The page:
Roy V. Señeres: The envoy is a ‘coffee magnate’
Roy V. Señeres has had a checkered life as diplomat, lawyer, political analyst, rebel (at least according to the previous administration), devout Catholic, economic nationalist, friend of Overseas Filipino Workers.
And now, entrepreneur.
He heads Our Father’s Coffee Corporation (firstname.lastname@example.org). And its main product is Kape ni Amba, a premium herbal coffee which includes Stevia plant powder, mangosteen, malunggay, grape seed, the aphrodisiac Tongkat Ali, and Gotu Kola (said to improve the memory).
From 1983 to 1989, Señeres served as Labor Attache of the Philippine Embassy in the United Arab Emirates. And he and his family (“four boys, two girls and of course only one wife”) provided comfort and shelter to housemaids exploited and abused by their employers.
Later he was transferred to Washington DC and by 1994 became an ambassador. Then President Fidel V. Ramos appointed him to serve—again in the UAE.
The Macapagal-Arroyo Administration found him still Chair of the National Labor Relations Commission (previously appointed there by President Joseph Estrada). But in 2005 he resigned “because I did not want to be part of the illegitimate and overly corrupt Gloria Macapagal-Arroyo Administration.”
Señeres joined organizations demanding that Arroyo resign, and for his activities was slapped with twin charges of inciting to sedition and rebellion. He will not seek or accept amnesty because for him the charges are “badges of honor.”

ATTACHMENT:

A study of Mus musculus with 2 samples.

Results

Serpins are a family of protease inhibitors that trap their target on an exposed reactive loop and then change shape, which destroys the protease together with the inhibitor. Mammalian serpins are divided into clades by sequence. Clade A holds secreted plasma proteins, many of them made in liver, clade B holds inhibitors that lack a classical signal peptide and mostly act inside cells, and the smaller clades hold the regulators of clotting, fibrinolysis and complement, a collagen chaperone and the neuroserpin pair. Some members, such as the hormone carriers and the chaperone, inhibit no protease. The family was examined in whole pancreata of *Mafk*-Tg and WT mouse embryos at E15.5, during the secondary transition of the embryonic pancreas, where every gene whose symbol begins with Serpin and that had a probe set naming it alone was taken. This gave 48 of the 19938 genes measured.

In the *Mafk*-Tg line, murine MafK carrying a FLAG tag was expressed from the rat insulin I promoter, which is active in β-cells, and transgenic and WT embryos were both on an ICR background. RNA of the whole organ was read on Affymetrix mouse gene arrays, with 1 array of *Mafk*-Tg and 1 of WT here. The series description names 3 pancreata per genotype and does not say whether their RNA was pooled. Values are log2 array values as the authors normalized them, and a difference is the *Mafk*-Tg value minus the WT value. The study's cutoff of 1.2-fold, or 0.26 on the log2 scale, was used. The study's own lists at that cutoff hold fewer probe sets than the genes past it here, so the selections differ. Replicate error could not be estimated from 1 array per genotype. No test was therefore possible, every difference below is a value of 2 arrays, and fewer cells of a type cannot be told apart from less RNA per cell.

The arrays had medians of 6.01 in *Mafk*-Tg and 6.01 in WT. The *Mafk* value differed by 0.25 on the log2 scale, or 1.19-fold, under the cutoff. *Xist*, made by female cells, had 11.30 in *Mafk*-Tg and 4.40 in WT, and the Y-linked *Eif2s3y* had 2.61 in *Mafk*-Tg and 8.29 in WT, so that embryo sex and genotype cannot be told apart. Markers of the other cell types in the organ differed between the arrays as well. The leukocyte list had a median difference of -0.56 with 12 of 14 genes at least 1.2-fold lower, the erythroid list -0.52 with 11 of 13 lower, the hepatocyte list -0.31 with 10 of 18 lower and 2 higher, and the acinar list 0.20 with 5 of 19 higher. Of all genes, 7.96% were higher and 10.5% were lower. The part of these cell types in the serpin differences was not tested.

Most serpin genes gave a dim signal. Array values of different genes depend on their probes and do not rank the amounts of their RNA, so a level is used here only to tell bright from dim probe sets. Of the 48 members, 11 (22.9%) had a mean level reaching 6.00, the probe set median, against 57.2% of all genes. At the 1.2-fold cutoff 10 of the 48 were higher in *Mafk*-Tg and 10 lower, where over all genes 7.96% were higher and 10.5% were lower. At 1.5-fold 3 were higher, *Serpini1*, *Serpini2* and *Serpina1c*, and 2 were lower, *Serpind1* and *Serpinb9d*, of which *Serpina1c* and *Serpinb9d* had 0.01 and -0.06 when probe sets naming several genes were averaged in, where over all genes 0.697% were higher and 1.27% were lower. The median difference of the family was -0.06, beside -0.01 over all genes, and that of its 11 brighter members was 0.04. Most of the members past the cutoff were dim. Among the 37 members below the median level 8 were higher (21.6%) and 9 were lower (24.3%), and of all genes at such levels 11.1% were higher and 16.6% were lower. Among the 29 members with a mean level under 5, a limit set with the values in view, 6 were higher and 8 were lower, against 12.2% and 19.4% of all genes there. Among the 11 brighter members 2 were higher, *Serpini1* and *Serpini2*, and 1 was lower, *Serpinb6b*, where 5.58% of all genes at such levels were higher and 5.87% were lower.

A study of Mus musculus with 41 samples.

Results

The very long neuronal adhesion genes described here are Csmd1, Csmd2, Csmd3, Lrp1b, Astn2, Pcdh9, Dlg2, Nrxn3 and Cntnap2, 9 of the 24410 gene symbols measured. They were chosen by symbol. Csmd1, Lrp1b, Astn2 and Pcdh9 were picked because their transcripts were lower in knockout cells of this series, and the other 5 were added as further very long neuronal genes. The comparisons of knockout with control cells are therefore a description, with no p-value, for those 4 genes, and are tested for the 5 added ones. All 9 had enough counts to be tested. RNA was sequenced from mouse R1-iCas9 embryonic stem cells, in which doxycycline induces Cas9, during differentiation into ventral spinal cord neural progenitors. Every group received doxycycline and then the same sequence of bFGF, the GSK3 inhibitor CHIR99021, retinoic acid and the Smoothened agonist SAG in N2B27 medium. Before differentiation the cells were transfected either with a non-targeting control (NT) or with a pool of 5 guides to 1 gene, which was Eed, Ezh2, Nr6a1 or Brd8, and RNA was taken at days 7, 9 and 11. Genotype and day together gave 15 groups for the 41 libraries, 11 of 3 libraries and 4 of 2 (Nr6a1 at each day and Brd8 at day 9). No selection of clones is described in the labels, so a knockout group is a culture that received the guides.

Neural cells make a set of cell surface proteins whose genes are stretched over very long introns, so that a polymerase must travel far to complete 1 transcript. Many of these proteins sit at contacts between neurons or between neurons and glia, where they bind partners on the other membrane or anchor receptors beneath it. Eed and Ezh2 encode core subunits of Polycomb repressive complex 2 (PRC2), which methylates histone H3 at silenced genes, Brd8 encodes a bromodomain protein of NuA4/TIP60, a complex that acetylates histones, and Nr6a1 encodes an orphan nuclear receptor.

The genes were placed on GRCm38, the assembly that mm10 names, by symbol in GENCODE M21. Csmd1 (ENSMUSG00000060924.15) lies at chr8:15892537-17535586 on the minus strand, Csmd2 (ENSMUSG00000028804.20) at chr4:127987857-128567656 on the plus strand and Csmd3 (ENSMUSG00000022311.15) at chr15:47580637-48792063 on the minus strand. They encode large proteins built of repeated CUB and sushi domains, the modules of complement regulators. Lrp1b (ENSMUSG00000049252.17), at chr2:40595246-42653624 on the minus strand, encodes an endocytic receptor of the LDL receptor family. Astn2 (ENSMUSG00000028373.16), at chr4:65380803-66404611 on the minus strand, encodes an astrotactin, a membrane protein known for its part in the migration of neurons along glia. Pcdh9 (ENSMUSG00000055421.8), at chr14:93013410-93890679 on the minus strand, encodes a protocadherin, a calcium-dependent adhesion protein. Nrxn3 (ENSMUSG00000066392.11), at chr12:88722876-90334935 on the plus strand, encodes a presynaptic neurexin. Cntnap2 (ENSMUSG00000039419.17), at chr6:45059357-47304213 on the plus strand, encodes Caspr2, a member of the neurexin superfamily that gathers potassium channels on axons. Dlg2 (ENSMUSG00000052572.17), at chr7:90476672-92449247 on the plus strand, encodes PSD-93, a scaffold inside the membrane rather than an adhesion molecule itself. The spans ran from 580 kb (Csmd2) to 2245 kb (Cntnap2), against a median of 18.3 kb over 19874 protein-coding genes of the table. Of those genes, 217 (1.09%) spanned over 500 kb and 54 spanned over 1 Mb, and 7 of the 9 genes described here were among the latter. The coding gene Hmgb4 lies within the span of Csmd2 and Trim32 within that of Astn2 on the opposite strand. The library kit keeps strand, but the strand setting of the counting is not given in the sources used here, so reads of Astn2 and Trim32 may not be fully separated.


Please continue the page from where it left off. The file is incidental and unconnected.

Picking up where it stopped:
His years abroad and his experience with OFWs underscored the fact that “the causes of the Filipino diaspora—ten million abroad—are lack of livelihood, lack of jobs in the country. So by selling coffee I can contribute in my own small way to the generation of employment, especially in the farms.”
As he points out: “If you sell Philippine coffee you provide employment and livelihood to coffee farmers. And if you sell coffee in sachet form you provide employment in the production of instant coffee.”
His firm markets only coffee produced in the country, in places like Bukidnon, Mendez, Cavite and Batangas.
For the ambassador-turned-entrepreneur, “If you buy imported coffee, you help the farmers in those countries earn a living. So why not help our own (farmers) by selling their coffee? Every time you buy Philippine coffee, or Philippine items for that matter, money circulates in our economy.”
As for Kape ni Amba, “the demand has gone up and we now sell on a case-to-case basis to friends; it’s direct selling.”
These friends or dealers are returning OFWs and members of the family-run OFWFamily Club (tel. 5267522) in Pasay City. Its President is Roy Señeres Jr.
Everything was going fine. There were even orders from abroad. The corporation returned a margin of profit, and then a monkey wrench was thrown into the marketing operations. And things came to a halt.
Señeres learned that syndicates (“con artists, crooked racketeers”) were engaging in multilevel pyramiding, buying in bulk and promising the dealers exorbitant profits. An investigation was made, and warrants of arrest are expected to be issued. One alleged racketeer is based in Hong Kong.
The marketing operations are expected to normalize soon (“a matter of weeks”), but the boxes will carry this warning label: “These boxes should not be sold on a multilevel system but only by direct selling.”
Señeres concludes: “Our motivation is not just to generate profits, but to help our economy and be an example of entrepreneurship that patronizes Philippine products.”